Summer rerun: Ann Summa
I was watching my nightly fix of Anthony Bourdain, and on this particular episode, he was visiting French Polynesia. As part of the episode, he went to a nighclub filled with transvestites, but not any transvestites. They are men that are part of the third sex. “According to Francois Bauer, for centuries, traditional families in French Polynesia raised their eldest son as a woman, or Mahu, believing him to have divine qualities, and the best traits of both sexes. In the 1960′s, when the French began nuclear testing in Tahiti, there weren’t enough women to entertain all of the soldiers, so many of the local men became women.”
I found all of this quite fascinating and I remembered that I had written about a similar subject last year produced by photographer Ann Summa. I am rerunning the post here:
“There’s a legend in Mexico that says when God was flying over the country distributing homosexuals, he got tired over the state of Oaxaca and left most of them there.”
Los Angeles photographer, Ann Summa, explores a fascinating cultural phenomenon to create portraits of Muxes, men living as women, who are often the last male child and become the help-mate to aging parents.
Ann is an habitual world traveler. She studied photography in Japan, teaches photography at Otis College of Art and Design in Los Angeles, and lives part time in San Miguel de Allende, Mexico. Her commercial work specializes in environmental, corporate, and celebrity portraiture, but she finds time so shoot work as an advocate for women’s health issues. Her fine art work looks at fringe cultures, from punk rock to women who own pit bulls to facets of Mexican culture.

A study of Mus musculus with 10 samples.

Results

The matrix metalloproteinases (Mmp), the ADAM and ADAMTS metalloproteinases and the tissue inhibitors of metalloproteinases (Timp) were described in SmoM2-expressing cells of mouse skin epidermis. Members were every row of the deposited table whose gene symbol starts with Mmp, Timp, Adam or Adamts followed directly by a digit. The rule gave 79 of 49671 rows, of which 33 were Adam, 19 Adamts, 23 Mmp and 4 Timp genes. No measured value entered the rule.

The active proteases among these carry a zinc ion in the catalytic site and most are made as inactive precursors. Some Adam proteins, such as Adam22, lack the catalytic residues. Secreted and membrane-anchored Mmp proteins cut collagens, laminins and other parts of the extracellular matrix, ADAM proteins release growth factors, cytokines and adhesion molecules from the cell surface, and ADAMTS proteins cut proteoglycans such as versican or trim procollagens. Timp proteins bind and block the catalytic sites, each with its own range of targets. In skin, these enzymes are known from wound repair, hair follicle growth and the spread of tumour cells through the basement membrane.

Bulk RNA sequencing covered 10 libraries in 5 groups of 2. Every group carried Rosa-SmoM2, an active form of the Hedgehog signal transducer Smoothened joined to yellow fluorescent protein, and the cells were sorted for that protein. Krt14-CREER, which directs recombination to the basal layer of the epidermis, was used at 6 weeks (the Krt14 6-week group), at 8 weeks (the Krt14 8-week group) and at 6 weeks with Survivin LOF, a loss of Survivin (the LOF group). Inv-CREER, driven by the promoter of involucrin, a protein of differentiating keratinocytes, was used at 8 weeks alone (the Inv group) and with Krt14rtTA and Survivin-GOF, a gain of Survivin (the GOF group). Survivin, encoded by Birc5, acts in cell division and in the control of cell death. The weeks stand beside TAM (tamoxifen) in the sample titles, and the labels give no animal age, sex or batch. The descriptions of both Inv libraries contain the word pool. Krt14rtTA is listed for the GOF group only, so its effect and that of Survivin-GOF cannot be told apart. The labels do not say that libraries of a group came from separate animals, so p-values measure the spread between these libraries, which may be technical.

In Zapotec cultures of Oaxaca , a muxe is a physically Male individual who dresses and behaves in a feminine manner; they may be seen as a Third gender. Some marry women and have children while others choose men as sexual or romantic partners. According to anthropologist Lynn Stephen, muxe “may do certain kinds of women’s work such as embroidery or decorating home altars, but others do the male work of making Jewelry. Many now have white-collar jobs and are involved in politics.”
“We are the third sex. There’s men and women and there’s someone in between, and that’s who I am”
In Oaxaca, the rarely married muxes are often considered a family blessing, prized as family caretakers, and, along with widows, are considered acceptable partners when it comes to premarital sex for young Catholic boys. “Sleeping with a muxe does not make a man gay,” Summa says she’s been told. “It makes him feel more macho.”
Many indigenous Zapotec residents still honor Mayan dual-sex gods and cross-dressing Aztec priests, stands out among the others in mostly mestizo Catholic Mexico. Oaxaca has a matriarchal-based society; women are responsible for running most of the businesses here. As a result, most gay people find the state the most welcoming in the country.